Last month, I discussed a very notable decision in D’Antuono v. Service Road Corp. in which the federal court — relying in part on the Supreme Court’s decision in AT&T Mobility — ordered two exotic dancers to arbitrate their employment-related claims.

A few days ago, the same district court allowed the dancers to take an expedited appeal to the Second Circuit (known, in legalese, as an “interlocutory order”).  You can view the court’s ruling here. While the court said it was reluctant to do so, it concluded that the factors for granting such an extraordinary request had been met.

The item that raised my interest was the fact that the court suggested that there is now a “great deal of uncertainty” about federal common law of arbitration that employees have relied upon.  It’s something to keep in mind as employers consider arbitration agreements.

The court’s analysis is worth a read:

[T] he Court is persuaded that the order currently at issue involves several different controlling questions of law. … [T]he nature of the arbitration agreement at issue in the case – which combines several different potentially problematic features that the Second Circuit has previously had occasion to consider in isolation, but never all together – means that the controlling and purely legal question of whether that arbitration agreement is enforceable based on existing Second Circuit precedent is a novel one.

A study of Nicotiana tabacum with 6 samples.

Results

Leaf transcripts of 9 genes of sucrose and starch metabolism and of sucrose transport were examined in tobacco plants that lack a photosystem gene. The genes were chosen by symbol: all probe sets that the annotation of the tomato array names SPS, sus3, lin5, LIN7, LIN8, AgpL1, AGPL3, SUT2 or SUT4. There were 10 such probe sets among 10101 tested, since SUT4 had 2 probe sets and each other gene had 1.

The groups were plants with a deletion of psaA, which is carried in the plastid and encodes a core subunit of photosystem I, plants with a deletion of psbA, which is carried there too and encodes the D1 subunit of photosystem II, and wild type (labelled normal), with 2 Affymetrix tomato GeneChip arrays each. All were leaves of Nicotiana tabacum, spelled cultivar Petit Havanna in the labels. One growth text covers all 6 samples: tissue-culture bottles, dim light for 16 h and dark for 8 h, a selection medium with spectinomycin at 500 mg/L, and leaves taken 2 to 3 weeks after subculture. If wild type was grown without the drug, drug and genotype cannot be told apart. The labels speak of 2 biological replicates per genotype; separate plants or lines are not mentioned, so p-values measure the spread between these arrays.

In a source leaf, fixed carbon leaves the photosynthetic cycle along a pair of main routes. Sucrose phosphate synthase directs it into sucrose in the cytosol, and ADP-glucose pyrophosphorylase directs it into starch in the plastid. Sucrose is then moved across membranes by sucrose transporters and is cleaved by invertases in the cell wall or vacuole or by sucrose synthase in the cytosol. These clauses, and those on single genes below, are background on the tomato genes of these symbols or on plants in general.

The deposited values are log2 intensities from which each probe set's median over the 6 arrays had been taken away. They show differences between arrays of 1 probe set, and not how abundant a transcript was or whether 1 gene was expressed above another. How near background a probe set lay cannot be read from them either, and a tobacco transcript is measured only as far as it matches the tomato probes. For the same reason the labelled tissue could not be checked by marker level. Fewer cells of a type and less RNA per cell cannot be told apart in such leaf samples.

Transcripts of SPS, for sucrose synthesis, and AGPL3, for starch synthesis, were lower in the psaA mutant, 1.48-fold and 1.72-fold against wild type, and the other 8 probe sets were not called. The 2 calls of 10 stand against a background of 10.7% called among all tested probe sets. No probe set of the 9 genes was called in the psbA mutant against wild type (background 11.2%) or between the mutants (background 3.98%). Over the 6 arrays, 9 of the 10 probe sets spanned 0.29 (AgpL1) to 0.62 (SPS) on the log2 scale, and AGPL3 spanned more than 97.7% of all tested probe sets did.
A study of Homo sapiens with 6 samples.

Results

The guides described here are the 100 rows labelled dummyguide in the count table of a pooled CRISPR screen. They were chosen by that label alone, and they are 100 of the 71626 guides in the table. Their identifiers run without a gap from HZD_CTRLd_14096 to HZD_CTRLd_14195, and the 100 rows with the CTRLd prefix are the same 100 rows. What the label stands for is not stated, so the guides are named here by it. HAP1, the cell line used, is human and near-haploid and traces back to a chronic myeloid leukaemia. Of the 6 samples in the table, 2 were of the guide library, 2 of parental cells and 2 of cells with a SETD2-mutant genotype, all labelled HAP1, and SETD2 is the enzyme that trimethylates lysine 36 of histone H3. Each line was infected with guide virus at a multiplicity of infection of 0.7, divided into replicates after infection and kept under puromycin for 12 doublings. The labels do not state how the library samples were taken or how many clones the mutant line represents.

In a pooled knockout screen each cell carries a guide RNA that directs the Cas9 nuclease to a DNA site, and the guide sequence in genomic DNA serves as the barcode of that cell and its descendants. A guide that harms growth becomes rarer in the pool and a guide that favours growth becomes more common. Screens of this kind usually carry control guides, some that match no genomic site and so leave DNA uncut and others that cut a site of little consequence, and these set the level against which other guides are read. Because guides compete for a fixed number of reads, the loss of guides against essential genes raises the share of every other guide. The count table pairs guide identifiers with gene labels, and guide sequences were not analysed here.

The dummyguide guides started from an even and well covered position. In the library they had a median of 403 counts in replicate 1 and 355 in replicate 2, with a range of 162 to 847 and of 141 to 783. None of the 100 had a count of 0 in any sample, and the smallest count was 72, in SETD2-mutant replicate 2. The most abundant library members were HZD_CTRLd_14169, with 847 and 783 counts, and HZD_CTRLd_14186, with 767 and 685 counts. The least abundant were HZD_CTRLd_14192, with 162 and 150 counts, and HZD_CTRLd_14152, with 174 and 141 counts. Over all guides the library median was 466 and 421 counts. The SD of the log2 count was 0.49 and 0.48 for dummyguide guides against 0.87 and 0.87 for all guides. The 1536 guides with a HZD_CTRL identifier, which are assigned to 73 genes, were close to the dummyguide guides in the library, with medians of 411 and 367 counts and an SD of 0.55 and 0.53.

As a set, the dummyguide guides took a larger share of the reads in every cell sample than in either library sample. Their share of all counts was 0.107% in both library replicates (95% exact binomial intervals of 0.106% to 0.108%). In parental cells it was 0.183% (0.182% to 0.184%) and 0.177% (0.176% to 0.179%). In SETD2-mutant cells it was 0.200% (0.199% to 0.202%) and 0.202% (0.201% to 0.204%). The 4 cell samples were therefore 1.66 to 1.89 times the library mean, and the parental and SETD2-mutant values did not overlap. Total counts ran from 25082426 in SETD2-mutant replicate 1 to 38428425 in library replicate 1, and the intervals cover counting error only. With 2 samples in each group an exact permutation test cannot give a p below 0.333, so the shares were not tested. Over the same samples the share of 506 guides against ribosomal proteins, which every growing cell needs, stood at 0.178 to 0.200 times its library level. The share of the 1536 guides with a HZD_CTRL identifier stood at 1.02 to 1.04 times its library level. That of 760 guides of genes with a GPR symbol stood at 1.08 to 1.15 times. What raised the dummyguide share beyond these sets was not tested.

In addition, as the Court discussed at length in its Memorandum of Decision, after the United States Supreme Court’s recent decision in AT&T Mobility LLC v. Concepcion, 131 S. Ct. 1740 (2011), there is now a great deal of uncertainty surrounding the continuing validity of the federal common law of arbitrability doctrines on which Plaintiffs rely.   …

As the Court tried to emphasize in its Memorandum of Decision, the enforceability of arbitration agreements is a highly contentious and – currently – constantly evolving area of law. In light of that fact, the Court has no doubt at all that reasonable jurists might well disagree with this Court’s analysis of the controlling legal issues in its Memorandum of Decision and its ultimate legal conclusions regarding the enforceability of the arbitration agreement at issue in this case.

In doing so, we are now likely to get a decision from the Second Circuit on this issue than if the case had been allowed to proceed.

This is definitely a case to keep an eye on.